You’ve used your design skills to help others bring their creative vision to fruition long enough. It’s time to take a seat in the art director’s chair and execute your own wildly imaginative ideas. Check out what pros say about art director positions, then get those creative juices flowing!
What exactly does an art director do?
Specific duties of art director positions may vary depending on industry, but in general, art directors set the artistic tone of a project, using visuals to bring concepts to life for websites, magazines and newspapers, ad campaigns, television and film, photo shoots and video games.
It’s all about kick-ass imagery, according to Michael Brittain, who functioned as FX Networks’ art director during his years as the cable channel’s director of print. Brittain was responsible for coming up with movie, TV and video-game posters and turning those ideas into iconic imagery to use in ad campaigns. “It can be very challenging to create a piece of art that is good enough to hang up on the wall, that you’re proud of, that sets the bar higher for art in entertainment advertising,” says Brittain, now the creative director of Ignition Creative, an integrated marketing agency based in Playa Vista, California.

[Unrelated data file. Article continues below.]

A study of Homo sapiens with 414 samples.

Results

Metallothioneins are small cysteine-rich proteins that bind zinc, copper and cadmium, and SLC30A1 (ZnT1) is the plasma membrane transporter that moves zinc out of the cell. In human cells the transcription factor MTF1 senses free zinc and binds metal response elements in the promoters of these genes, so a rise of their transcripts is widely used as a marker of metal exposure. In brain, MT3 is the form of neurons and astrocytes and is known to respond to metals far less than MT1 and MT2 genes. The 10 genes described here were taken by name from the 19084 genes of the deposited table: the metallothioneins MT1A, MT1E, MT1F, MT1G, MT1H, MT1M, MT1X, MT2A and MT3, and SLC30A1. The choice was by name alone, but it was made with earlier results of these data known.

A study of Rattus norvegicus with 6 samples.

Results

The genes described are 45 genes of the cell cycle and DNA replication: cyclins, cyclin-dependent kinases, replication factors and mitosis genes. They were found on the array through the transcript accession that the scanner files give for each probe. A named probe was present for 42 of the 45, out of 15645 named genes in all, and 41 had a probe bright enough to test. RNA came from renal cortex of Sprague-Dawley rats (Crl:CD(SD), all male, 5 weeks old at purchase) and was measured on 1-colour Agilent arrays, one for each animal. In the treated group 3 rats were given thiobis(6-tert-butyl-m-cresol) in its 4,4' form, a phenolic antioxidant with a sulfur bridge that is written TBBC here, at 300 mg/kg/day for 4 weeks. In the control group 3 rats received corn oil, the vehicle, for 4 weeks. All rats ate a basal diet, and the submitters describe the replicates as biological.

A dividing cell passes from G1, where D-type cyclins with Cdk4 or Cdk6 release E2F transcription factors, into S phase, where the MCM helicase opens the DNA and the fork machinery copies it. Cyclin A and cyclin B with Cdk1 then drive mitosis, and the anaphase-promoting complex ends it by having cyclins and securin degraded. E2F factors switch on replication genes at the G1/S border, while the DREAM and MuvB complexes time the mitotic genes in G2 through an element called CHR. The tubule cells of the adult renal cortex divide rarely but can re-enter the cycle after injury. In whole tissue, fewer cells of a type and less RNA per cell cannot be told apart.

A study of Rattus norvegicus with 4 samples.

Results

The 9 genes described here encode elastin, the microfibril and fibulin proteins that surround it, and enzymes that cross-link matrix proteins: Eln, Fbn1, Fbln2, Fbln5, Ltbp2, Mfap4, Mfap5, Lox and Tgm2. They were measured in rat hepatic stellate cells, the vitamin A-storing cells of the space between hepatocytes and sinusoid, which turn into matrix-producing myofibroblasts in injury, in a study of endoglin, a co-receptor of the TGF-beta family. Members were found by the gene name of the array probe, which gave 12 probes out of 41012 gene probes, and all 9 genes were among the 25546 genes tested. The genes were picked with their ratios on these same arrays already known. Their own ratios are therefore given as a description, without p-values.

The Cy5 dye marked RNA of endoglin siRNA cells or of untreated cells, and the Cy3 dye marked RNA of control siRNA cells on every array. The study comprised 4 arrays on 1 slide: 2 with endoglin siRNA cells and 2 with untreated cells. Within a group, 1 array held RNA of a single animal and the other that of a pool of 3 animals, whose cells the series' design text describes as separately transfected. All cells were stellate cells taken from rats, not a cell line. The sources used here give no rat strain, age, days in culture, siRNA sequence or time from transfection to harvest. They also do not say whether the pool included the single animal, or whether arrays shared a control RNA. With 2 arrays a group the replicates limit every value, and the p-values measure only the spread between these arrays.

What skills do you need?
Strong conceptual skills are a given. “To create something meaningful, you must start with a strong idea,” says Angstadt. “This is the backbone of commercial art.”
Good communication skills are also essential. Your team has to understand what you want in order to deliver it. Clearly articulate your vision or risk jeopardizing the quality of the project.
A background in and knowledge of art history, photography, graphic design and typography are important too, says Brittain, as is being able to create with your hands. Photoshop has made art more accessible, but “being a hands-on artist transcends just buying an application for your computer.”
Who would be my boss?
Executive creative directors or associate creative directors are the usual head honchos, the latter often being the next rung on an art director’s career ladder.
Are there other titles with similar responsibilities?
Though they may be higher on some company hierarchies, design directors and creative directors are also responsible for conceptualizing projects and guiding their implementation.
What do I need to get ahead in this position?
As an art director, you’re always on, Angstadt says. “There’s never a time when you’re not thinking of new ideas,” so loving what you do is important. Ditto having a thick skin. In this line of work, as with other creative jobs, you have to be able to take criticism, even when you don’t agree with the feedback. If you don’t hit it out of the park the first or second or third go-round, dust yourself off and try again. It’ll make your home run that much sweeter.
How can I get my foot in the door?
Kick off your career with a degree in art or (graphic) design and a sick portfolio that knocks the socks off potential employers.